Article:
Resistance, continuity, and change: The politics of pension reforms in English-speaking Sub -Saharan Africa

Michael Whyte Kpessa, McMaster University


Pension reform has been on the social policy agenda in many countries across the world since the 1980s. The main debate has been whether to maintain the postwar Pay-As-You-Go (PAYG) pension programs or replace them with private pensions known as individual accounts. Institutionalists claim that (PAYG) pension programs are impossible to transform because they are not only fraught with interest group conflicts that have adverse implications for the electoral chances of reform-minded politicians, but also because they are popular among voters, and supported by beneficiaries and trade unions. On the other hand, those international political economists studying welfare reforms argue that the structural transformation of PAYG pension systems is possible and driven by a coalition of global policy actors led by the World Bank. Most of the data that informed these theoretical postulations came from OECD and middle-income countries in Latin America and Eastern Europe. The story of pension reforms in Sub-Saharan African (SSA) countries had until now not been factored adequately into the debate. ^ This thesis argues that an understanding of pension reforms in SSA countries requires an analysis of both the domestic and international political processes. But this understanding is only possible if the relative role played by domestic and international factors are taken into account and analyzed. Using pension reforms in Ghana since the 1980s as an illustrative case which can inform us about other English-speaking SSA countries, this thesis therefore takes the international level into account, but focuses on the domestic level and argues that domestic politics mattered much more than is assumed by some international political economists in the literature. The thesis affirms aspects of institutionalist arguments, but presents an alternative explanation of pension reforms in SSA that (a) for the first time analyzes the domestic politics of pension reform and (b) casts serious doubts on arguments about the dominant role of transnational actors, while suggests significant improvements to theoretical understandings of pension reform policy processes.^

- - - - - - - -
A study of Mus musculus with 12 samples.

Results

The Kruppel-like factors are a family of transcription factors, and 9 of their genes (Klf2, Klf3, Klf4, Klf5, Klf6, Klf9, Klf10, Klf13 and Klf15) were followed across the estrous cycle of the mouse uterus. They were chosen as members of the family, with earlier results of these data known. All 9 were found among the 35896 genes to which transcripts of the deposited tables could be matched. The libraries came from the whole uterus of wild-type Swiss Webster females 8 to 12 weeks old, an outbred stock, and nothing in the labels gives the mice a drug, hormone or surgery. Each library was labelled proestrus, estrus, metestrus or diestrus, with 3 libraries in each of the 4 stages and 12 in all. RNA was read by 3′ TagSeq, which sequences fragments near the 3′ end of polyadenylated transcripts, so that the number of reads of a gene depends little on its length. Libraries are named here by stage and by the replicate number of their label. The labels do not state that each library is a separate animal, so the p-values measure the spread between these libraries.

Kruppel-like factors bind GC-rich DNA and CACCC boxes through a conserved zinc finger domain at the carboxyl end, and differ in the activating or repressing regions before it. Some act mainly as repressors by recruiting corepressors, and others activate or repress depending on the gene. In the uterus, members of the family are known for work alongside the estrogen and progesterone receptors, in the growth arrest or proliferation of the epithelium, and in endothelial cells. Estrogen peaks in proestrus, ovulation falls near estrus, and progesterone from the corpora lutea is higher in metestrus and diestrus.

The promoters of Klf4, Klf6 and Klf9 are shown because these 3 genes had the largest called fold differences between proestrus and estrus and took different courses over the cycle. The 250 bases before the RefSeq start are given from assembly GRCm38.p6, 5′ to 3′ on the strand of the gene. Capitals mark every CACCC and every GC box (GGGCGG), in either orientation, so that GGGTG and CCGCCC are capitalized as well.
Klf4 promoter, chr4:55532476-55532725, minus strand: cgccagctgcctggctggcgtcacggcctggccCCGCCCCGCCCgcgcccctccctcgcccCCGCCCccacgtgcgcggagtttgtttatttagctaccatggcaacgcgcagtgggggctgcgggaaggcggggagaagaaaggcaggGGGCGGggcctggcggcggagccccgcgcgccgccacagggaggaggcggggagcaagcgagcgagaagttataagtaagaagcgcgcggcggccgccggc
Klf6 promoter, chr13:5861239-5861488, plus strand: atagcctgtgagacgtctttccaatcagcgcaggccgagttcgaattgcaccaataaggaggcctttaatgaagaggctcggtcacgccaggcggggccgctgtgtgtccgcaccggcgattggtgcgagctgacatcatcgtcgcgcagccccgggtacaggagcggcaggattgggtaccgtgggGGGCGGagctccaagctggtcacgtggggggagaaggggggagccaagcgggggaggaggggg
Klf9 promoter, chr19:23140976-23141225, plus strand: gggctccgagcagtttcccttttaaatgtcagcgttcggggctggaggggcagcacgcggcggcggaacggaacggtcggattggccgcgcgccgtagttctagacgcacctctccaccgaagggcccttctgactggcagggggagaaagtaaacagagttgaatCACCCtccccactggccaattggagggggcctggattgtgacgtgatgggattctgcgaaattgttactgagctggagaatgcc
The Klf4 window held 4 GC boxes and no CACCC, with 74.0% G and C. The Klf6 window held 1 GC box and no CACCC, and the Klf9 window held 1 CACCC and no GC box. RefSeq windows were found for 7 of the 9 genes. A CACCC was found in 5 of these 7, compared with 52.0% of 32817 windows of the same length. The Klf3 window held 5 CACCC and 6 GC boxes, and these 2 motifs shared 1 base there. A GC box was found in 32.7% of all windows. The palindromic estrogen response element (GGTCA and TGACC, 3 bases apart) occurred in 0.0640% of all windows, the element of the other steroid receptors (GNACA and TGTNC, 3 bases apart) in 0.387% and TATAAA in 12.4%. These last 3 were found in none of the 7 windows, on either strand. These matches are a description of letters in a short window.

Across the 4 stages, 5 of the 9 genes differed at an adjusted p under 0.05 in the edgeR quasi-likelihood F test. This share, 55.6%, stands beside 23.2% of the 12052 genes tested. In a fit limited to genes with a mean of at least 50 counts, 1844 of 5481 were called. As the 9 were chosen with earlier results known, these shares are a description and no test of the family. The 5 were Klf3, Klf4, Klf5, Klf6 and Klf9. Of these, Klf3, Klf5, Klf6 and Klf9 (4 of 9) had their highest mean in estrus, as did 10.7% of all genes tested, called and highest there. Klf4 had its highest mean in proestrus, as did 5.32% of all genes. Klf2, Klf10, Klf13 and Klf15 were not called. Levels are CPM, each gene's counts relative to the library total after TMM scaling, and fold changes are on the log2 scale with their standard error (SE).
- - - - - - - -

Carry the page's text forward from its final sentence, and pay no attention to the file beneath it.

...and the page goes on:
Subject Area

Economics, Labor|Education, Social Sciences|Sociology, Public and Social Welfare

Recommended Citation

Michael Whyte Kpessa, "Resistance, continuity, and change: The politics of pension reforms in English-speaking Sub -Saharan Africa" (January 1, 2009). ETD Collection for McMaster University. Paper AAINR62529.